December 08, 2005

Marketing -- because a good story needs wings

Marketing doesn't have to be a dirty word. A writer's least favorite topic in the world is still a topic upon which every one of us should do a bit of solid research... so here I offer my collected wisdom (hah):

A few publishing houses put out guidelines to help their authors market their own books. Recent discussion of the industry on the NorCal
SCBWI list-serv has disclosed the phrase 'no author involvement = no future.' Yikes! Many writers (myself included) have no idea how to market anything, so it's nice to get a leg up on where to start. All of us want our books to have some impact on the market, so here's how to make our publications last.

First, there's apparently a difference between marketing and publicity -- Marketing, as I finally comprehend it (and
J, correct me if I'm wrong), operates within the parameters of paid media, and includes advertising and sales promotions, along with a broader focus on product placement, price, and promotion. Publicity is more about PR hustle, and it's usually associated with image building and management, unpaid media placement like doing readings and appearing at schools or your alma mater, making use of press releases, media kits, press conferences, and that kind of thing. Marketing scans the demographic and creates a need for your book, publicity gives people good feelings about their desire, and the people connected with the product.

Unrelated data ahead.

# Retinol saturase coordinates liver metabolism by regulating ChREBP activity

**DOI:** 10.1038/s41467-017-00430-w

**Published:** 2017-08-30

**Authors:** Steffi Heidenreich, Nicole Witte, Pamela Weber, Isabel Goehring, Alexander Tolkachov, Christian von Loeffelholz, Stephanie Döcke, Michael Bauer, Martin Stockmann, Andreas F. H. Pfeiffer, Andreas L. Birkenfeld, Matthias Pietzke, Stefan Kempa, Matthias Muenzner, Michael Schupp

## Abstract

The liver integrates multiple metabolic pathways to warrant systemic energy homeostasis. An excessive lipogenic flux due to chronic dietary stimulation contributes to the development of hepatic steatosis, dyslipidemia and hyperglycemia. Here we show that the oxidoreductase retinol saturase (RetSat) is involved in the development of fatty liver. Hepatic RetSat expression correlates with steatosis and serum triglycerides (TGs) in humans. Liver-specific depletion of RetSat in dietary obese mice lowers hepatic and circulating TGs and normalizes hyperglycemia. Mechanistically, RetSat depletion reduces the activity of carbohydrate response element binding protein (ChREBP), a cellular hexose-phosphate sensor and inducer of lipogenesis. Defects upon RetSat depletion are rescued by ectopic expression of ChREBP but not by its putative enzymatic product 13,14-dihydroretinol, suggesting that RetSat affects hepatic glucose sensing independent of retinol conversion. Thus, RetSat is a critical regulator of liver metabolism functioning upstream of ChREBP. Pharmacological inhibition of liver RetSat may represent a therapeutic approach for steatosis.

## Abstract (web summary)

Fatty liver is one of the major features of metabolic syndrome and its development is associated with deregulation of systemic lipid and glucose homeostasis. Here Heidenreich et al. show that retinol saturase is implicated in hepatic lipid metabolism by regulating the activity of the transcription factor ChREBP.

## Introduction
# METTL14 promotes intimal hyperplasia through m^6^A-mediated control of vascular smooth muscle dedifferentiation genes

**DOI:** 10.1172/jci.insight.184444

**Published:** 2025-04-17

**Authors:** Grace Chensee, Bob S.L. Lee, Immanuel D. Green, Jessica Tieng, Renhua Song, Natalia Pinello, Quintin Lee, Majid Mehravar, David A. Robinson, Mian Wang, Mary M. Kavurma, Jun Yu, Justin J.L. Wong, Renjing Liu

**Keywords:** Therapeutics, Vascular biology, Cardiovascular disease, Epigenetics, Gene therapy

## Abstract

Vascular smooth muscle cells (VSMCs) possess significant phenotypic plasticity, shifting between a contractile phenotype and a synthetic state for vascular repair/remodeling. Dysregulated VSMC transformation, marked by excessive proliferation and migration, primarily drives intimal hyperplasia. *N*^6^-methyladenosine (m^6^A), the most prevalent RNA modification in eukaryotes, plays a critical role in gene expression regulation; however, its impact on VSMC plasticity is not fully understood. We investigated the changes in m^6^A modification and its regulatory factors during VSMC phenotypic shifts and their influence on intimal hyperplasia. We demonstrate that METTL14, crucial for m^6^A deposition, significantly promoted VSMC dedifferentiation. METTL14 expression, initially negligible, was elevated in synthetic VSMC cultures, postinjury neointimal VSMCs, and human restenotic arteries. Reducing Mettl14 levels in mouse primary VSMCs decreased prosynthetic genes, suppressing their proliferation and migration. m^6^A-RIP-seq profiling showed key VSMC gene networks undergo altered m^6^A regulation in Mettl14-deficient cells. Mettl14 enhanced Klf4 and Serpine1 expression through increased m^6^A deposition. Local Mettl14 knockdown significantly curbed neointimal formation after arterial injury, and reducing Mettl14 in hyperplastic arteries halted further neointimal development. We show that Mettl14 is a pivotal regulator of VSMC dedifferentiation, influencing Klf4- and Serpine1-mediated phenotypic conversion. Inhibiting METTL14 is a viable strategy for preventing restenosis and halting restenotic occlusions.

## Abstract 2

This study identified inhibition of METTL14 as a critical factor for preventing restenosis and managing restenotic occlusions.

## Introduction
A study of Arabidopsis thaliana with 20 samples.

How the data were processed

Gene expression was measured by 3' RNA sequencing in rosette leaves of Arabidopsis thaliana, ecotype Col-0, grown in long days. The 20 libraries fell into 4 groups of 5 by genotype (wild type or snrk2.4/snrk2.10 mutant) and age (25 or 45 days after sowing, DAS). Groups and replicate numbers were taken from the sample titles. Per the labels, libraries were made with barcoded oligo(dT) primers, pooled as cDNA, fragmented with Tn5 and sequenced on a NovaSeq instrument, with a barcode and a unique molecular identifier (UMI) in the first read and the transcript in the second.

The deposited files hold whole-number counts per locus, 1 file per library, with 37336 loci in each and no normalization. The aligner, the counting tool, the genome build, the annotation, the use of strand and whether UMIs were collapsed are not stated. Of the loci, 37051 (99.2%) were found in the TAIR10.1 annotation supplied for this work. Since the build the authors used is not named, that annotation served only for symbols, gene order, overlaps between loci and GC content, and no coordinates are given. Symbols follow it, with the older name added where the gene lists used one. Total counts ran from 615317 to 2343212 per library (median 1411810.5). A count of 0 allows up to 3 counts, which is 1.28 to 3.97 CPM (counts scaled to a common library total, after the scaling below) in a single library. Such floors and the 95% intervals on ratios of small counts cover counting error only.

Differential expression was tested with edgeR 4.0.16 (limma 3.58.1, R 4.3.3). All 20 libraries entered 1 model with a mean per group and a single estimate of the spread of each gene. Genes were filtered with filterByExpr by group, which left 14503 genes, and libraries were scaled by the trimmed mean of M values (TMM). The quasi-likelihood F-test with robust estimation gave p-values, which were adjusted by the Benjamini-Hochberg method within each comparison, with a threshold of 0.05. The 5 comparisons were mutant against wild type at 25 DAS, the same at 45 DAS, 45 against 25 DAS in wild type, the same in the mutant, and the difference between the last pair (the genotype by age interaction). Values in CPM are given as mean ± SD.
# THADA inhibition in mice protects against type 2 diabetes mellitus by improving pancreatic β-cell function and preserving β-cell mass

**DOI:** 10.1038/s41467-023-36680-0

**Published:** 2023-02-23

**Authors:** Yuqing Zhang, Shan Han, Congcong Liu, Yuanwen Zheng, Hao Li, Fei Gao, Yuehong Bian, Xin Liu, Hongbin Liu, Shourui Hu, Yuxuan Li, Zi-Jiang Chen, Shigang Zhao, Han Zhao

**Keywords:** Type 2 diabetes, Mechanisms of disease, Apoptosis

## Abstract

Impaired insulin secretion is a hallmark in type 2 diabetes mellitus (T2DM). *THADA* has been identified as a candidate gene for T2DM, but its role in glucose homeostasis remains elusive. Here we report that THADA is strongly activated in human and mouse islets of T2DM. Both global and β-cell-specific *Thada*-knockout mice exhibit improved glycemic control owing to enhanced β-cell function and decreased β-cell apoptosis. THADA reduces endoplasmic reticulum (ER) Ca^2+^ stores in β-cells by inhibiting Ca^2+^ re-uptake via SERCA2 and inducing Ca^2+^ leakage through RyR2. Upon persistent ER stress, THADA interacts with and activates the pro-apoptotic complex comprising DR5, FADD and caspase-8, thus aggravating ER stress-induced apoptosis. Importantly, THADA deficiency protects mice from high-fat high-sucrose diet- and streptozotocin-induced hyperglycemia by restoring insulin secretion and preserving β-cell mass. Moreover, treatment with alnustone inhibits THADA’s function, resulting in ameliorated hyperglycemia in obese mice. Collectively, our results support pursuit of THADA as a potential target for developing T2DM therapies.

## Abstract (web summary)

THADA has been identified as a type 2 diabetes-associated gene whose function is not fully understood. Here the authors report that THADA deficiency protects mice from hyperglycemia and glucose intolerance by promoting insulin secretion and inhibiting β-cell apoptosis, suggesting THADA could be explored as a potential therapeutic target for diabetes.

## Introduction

For marketing purposes, publisher's agents suggest that writers not fall prey to the vanity gift -- that is, giving away copies of your books to friends and family. They're supposed to buy them. Instead, writers should use the copies their publishers give them to send to the local city library, local high school library, independent bookstores within fifty miles of their city, and make contacts there that allow them to get in the door and give talks, book signings, and get face to face contact with the people for whom they write.

There are some great books about marketing that can help spark some ideas on how to work this.
o The Savvy Author's Guide To Book Publicity, by Lisa Warren,Carrol & Graf Publishers
o The Complete Guide To Book Publicity, by Jodee Blanco,Allworth Press
o Publishing For Profit, by Thomas Wolf, Chicago Review Press
o 1001 Ways to Market Your Books, 5th Ed., by John Kremer,Open Horizons
o John Kremer's Website:
o Publishers Marketing Association Website:
o Selling Your Book: The No-Nonsense, Step-by-Step Guide, by John Vonhof, is on his website.

From John Kremer's Book Marketing Tip of the Week: Online Book Reviews
A new study done at the Center for Customer Insights at the Yale School of Management shows that online reviews do impact sales at and The study's authors, Judith Chevalier and Dina Mayzlin, found that:

a. The addition of favorable reviews at one site increases book sales at that site relative to the other retailer.
b. Negative 1-star reviews carry more weight with consumers than do positive 5-star reviews.
c. The impact of a negative review is more powerful in decreasing book sales than a positive review is in increasing sales.
d. Multiple glowing reviews for a book may be perceived as hype generated by an author or publisher (their theory).
e. Reviews at are longer and more detailed in general than those at
You can read the entire study HERE.

Happy writing people, and happy marketing.

1 comment:

Sarah Stevenson said...

Great and really useful, T! Thanks!! One additional reference book for any artists who might be reading--one that was recommended to me ages ago with glowing praise was Art Marketing 101 by Constance Smith. Might be helpful for writers, too, but it's specific to fine artists who need to get their slides out there, etc.